From foe to friend: Vietnam and the legacy of war: When George Bush arrives in Hanoi this week for a trade summit, he will see a country which has prospered during three decades of peace – but is still scarred by conflict (Kathy Marks, 14 November 2006 , The Independent)
Thirty-one years have passed since the fall of Saigon brought an ignominious end to the Vietnam War. The last US troops had left two years earlier. Yet it continues to haunt the American psyche, especially today, when so many parallels can be drawn with the current situation in Iraq.
Images of Vietnam remain profoundly influenced by the war: forests defoliated by Agent Orange; the massacre at My Lai; B-52 bombers dropping their deadly load; people fighting to board a helicopter as it takes off from the roof of the US embassy; a little girl runing in terror, her body scorched by napalm.
But while reminders of that conflict are still visible, modern Vietnam is very different from the place abandoned to the Viet-cong in 1975 – as President George Bush is set to discover this Friday when he arrives for the Asia-Pacific summit. It is a country of elegant colonial-era hotels restored to five-star luxury, restaurants offering the best of Asian and French cuisine, golf courses, and upmarket shops rivalling those of Singapore and Hong Kong.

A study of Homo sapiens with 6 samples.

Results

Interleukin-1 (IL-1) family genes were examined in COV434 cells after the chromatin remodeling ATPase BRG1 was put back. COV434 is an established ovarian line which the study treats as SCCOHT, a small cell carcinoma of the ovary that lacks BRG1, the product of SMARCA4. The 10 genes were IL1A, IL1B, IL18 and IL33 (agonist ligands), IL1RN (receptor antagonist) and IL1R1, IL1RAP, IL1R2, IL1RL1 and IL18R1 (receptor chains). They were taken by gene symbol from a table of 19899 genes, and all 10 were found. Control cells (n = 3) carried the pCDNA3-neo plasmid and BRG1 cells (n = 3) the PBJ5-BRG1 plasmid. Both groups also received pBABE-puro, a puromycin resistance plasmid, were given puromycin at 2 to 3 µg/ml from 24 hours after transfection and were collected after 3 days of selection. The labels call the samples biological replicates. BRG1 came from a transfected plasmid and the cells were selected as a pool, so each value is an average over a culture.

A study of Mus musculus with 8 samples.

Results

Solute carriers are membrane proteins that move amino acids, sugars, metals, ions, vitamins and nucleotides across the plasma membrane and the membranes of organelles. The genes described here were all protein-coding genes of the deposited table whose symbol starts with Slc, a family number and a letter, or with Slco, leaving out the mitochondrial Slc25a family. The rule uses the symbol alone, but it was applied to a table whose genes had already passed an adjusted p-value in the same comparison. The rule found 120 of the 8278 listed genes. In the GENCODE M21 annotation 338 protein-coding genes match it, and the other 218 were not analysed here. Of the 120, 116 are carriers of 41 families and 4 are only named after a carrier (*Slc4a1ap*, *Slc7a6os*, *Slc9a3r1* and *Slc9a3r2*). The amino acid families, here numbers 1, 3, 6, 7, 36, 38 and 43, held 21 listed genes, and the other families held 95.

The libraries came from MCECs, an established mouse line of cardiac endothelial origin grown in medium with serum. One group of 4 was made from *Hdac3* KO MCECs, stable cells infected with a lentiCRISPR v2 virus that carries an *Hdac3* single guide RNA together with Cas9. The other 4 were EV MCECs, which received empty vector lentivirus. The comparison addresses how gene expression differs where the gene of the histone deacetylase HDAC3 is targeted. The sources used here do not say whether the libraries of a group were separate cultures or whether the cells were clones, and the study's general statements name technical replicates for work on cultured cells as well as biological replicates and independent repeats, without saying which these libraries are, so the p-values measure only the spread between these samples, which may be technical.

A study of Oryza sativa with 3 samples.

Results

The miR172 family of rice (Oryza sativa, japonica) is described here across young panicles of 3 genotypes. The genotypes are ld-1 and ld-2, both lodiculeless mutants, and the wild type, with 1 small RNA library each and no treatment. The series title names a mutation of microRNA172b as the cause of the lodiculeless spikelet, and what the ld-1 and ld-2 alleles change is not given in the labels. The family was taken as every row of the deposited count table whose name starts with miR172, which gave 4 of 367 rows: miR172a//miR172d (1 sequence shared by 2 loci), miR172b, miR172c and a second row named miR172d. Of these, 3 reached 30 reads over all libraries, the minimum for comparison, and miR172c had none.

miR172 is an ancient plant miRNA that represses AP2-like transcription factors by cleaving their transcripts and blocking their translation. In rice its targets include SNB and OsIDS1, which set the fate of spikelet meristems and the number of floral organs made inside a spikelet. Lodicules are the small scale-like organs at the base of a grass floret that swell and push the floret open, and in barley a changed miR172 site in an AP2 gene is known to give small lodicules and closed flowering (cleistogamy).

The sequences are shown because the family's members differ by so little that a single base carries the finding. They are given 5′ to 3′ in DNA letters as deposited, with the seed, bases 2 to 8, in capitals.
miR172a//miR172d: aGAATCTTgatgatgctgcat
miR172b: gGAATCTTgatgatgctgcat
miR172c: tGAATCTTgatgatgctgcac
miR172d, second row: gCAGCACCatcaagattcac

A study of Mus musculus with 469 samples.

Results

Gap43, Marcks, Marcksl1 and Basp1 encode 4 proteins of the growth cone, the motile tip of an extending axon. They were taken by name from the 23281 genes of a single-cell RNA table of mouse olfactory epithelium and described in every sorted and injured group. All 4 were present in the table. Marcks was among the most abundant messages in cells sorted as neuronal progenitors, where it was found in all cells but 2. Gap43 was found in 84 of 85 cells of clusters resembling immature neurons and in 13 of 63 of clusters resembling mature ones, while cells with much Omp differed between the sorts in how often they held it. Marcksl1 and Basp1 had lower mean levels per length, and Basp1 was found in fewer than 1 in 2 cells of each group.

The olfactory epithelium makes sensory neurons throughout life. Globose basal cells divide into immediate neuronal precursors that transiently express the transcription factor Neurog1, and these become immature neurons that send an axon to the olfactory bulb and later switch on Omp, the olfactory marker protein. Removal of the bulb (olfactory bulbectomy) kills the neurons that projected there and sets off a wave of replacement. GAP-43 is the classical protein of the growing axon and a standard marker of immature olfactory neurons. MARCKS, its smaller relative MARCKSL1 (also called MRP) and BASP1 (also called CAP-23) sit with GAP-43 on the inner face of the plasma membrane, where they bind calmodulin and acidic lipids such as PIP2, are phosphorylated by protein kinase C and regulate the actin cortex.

The Vietnamese economy – devastated by decades of fighting, the destruction of much of the infrastructure and the dead hand of communism – is booming, fuelled to a large degree by tourism. A country that was once a byword for death and devastation is now a chic travel destination, and a must-do stop on the backpacker trail.